This particular disclosure has generated an inordinate amount of correspondence from members of the research community, as well as database and security product vendors. They feel dropping this 0-day exploit was premature, and the level of detail provided in research papers (PDF) is unwarranted to promote public awareness. But Oracle has ignored issues like this in the past, which the research community states puts database users at risk, and therefore makes it feel fully justified to disclose issues of a serious nature.
Litchfield, meanwhile, says he contacted Oracle several months ago -- which should be ample opportunity to address -- and therefore would be considered responsible disclosure.
Regardless, Web application firewall vendors, database activity monitoring vendors, and assessment platform providers -- which were not included in the process -- have all been scrambling during the past couple of days to close the gap.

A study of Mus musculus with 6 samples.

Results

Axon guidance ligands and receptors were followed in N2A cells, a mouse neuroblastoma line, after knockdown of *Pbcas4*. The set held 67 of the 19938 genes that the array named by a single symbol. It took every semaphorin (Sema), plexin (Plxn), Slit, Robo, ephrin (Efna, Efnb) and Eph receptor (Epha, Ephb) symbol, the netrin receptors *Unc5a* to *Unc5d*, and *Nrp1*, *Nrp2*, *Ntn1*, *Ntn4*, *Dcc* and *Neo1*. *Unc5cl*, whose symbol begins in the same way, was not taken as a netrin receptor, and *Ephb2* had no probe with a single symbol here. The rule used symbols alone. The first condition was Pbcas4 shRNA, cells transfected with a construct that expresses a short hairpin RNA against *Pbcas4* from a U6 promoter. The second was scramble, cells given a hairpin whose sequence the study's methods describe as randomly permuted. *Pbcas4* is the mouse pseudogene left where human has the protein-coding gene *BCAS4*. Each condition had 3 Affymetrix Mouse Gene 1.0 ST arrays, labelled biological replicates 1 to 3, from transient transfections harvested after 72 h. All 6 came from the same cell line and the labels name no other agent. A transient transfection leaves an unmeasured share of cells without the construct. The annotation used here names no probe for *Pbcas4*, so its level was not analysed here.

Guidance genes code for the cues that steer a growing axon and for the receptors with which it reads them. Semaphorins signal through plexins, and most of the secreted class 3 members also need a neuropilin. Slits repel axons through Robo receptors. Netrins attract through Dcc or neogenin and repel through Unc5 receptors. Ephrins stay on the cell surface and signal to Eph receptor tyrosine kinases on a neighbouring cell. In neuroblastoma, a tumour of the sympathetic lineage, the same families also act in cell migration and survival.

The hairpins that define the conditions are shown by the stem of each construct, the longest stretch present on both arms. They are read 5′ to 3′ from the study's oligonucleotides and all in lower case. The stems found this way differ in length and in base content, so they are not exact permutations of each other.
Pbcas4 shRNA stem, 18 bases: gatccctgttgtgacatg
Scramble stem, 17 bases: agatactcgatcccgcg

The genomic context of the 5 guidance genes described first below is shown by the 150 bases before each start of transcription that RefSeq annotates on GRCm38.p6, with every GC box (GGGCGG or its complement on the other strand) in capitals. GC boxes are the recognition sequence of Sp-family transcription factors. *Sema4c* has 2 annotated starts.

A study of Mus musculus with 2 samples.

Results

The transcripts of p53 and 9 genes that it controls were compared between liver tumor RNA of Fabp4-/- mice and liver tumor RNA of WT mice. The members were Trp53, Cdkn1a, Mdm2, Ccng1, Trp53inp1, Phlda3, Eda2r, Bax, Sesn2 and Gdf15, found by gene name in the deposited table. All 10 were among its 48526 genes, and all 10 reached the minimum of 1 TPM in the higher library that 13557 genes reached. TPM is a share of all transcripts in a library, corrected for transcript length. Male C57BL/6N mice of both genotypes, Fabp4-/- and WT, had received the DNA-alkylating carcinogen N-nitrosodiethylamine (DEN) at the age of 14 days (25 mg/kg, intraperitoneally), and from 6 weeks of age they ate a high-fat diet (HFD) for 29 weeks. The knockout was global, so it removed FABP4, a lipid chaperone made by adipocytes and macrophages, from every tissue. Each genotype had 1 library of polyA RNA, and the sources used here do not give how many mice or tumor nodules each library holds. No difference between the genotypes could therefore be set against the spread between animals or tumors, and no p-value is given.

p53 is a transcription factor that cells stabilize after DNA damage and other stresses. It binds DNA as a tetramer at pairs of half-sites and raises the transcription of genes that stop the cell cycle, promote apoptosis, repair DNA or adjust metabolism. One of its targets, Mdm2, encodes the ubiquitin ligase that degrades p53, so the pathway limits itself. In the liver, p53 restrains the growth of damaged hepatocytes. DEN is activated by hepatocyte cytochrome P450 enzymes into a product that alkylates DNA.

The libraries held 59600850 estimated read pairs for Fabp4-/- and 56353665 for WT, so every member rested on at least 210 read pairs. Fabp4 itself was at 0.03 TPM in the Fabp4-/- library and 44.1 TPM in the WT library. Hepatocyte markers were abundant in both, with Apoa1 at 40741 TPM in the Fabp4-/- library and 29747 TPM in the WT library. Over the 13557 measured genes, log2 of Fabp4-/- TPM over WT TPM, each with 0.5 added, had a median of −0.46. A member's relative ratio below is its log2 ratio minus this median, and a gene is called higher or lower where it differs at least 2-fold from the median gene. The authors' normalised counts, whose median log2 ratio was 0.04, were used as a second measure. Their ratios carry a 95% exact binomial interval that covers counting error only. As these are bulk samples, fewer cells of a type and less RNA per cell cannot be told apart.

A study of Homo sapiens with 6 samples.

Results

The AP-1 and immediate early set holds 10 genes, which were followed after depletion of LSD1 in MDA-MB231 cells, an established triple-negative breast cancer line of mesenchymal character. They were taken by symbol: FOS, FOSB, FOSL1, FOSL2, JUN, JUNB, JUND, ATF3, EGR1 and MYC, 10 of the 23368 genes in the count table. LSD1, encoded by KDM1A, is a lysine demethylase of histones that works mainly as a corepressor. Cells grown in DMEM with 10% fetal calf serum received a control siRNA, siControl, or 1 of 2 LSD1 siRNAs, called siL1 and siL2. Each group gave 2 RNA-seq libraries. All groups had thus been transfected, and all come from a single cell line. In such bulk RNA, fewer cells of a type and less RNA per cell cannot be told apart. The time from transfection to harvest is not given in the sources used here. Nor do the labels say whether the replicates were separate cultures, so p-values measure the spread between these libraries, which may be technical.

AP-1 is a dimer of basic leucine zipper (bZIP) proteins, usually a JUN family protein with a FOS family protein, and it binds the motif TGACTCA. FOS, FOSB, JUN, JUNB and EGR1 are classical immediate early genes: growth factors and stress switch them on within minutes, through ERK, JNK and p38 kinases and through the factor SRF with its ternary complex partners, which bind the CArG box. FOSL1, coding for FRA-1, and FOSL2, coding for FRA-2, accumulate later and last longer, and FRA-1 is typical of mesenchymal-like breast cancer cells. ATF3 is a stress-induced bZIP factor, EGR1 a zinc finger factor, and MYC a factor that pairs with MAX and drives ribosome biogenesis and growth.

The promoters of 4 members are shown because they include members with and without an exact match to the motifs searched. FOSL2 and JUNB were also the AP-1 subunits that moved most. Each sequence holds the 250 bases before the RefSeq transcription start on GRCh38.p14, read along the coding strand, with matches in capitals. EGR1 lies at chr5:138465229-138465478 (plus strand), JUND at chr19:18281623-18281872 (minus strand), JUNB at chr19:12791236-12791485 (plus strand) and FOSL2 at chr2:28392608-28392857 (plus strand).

While the damage that can result from this exploit is catastrophic, any seasoned database professional would not allow Oracle to be deployed with the required permissions settings any more than they would leave default DBA passwords. Second, since Litchfield is leaving his present employer, this has the feel of a publicity stunt. Any time "Oracle" and "exploit" are in the same sentence, it's deemed newsworthy. Throw in the longstanding Litchfield/Oracle feud, and it's guaranteed to get attention.
Whether you agree or disagree with the details of the attack being made public, be sure to remove EXECUTE privileges from the PUBLIC role for Java packages, and you should be safe.
Adrian Lane is an analyst/CTO with Securosis LLC, an independent security consulting practice. Special to Dark Reading.